Welsh Corgi Dog Breed Expert Advice

“The single most important thing someone can do with their Corgi pup is to socialize, socialize and socialize some more. They need daily exposure to people, dogs, other animals and new situations. You don’t just put a pup in the car, go to a grocery store and come home. People will approach and want to pet him.” – Millie Williams, obedience trainer in Cheboygan, Michigan (from Popular Dogs: Welsh Corgis)

Groomer
The grooming needs of [Corgis] can be summed up succinctly: brush, brush, brush. Due to its Spitz forbears, the Corgi’s coat is more profuse, requiring more attention. Corgis are not glamour dogs; these working-class heroes do not require a fancy haircut. Aside from neatening up their feet, what you see is what you get. – Kathy Saltzberg, a national certified master groomer and co-owner of The Village Groomer in Walpole, Massachusetts (from Popular Dogs: Welsh Corgis)

Breeder
“[The Corgi] is not a dog, but a new member of your family, and it expects to be treated as such. [Corgis] are big dogs in small packages. No one is a stranger, and they can wrap anyone around their paws. They are the world’s best con artists, especially when it comes to food. People that don’t even like dogs seem to fall under their spell. They are funny little imps that wake each day expecting everything is going to go their way. They want to be part of every aspect of your life; I call them ‘Velcro dogs.’” – Pamela Lane of Foxy Lane Corgis in Citra, Florida (from Popular Dogs: Welsh Corgis)

Veterinarian
Can you guess the No. 1 nutritional problem in Corgis? Yep, it’s obesity. Cardigans and Pembrokes alike suffer from this serious disease. Just how serious? The list of associated health risks includes heart problems, spine problems, high blood pressure, diabetes, pancreatitis, urinary tract problems, decreased immune system function and arthritis. – Susan Bertram, D.V.M. (from Popular Dogs: Welsh Corgis)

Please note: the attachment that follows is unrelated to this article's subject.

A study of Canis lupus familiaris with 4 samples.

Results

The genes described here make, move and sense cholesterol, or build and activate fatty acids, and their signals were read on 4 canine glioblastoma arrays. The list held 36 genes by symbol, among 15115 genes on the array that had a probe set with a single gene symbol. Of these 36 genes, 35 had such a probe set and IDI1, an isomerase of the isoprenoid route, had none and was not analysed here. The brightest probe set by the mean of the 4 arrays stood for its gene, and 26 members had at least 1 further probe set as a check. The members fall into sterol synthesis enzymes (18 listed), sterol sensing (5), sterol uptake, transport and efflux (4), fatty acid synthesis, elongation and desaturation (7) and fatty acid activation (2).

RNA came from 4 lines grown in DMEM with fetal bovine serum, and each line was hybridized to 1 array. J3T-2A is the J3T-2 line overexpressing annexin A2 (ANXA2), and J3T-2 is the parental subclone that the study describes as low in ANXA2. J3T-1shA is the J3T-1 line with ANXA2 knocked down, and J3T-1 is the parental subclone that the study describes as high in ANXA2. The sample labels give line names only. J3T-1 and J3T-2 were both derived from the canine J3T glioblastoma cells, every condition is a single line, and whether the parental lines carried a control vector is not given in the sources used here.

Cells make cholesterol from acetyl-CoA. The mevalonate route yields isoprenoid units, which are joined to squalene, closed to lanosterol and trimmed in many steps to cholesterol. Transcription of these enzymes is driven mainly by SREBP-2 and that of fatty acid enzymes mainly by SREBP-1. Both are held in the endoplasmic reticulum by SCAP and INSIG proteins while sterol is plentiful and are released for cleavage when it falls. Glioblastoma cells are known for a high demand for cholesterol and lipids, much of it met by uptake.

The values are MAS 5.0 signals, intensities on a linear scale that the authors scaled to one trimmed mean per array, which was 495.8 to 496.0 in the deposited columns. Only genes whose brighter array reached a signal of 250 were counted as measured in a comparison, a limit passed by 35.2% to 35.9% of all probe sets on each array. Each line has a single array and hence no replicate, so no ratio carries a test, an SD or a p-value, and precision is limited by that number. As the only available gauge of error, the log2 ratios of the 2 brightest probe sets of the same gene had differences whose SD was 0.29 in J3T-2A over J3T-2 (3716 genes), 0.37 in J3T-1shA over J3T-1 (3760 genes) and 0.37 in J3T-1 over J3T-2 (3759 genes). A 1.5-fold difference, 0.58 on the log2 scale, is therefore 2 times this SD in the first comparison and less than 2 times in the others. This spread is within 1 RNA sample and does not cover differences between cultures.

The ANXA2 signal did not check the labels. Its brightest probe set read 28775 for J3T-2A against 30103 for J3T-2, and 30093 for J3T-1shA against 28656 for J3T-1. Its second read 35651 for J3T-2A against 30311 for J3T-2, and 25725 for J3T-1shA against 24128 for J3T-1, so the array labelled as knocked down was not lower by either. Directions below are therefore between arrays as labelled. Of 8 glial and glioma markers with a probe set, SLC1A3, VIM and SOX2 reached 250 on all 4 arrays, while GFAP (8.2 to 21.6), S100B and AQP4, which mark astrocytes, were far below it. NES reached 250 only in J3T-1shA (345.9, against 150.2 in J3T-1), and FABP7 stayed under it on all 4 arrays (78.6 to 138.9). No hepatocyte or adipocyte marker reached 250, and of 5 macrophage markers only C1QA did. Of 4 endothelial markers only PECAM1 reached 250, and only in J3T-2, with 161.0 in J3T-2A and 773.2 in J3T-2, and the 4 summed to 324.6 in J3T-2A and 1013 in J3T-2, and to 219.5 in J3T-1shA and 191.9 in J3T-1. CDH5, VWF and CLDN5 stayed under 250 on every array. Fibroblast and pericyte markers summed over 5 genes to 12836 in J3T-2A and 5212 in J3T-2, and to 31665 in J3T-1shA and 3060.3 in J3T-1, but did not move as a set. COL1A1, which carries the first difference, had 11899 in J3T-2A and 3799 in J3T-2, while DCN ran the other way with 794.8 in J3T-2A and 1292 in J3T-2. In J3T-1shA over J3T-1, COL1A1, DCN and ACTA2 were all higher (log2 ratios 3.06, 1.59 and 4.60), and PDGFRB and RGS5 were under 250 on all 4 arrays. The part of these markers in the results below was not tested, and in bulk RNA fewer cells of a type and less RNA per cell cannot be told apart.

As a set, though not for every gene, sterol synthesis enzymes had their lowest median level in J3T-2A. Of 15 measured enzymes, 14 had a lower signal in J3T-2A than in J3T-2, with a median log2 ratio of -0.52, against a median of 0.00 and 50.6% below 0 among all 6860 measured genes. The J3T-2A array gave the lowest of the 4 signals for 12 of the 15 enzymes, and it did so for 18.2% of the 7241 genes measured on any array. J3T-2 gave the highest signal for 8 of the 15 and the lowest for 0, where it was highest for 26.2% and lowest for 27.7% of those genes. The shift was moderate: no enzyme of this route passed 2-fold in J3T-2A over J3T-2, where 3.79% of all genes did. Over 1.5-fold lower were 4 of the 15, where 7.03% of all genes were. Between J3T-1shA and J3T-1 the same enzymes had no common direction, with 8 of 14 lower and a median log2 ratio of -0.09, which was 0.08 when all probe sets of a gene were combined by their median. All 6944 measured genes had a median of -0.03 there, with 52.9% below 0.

12/11/2010 6:13:41 PM

I love my Pembroke welsh corgi and am working for open and utility obedience trials,she does everything perfect except healing. she is 7 years old. I trials she just stops looks all around and does not do the figure 8,yet she had a CD,RAE,mXP and MJP2. What can I do to get her to heal correctly,She shuts down without treats or scolding.


10/16/2008 6:14:34 PM

I bought my first corgi a few months back, he's about 5 1/2 months old now. I knew the breed had lots of energy but jeez! Tycho is a ball of never ending goofiness and spazzy antics. I just adore the breed!


12/27/2007 3:37:52 PM

Our little Pembroke ( Tia ) is the funniest little dog. We watched her come into our house as a scared little doggie that I really didn't care for to becoming in just a few months loveable. She throws her treats in the air and plays all day. She is a really good dog.She follows us around everywhere.


11/15/2007 11:13:22 AM

I have to agree completely! I got my 1st Pembroke Freddy a few months ago & the description fits him perfectly. He adores the world & thinks it adores him right back. He's a wonderful dog & I may get another corgi from the same breeder in the future.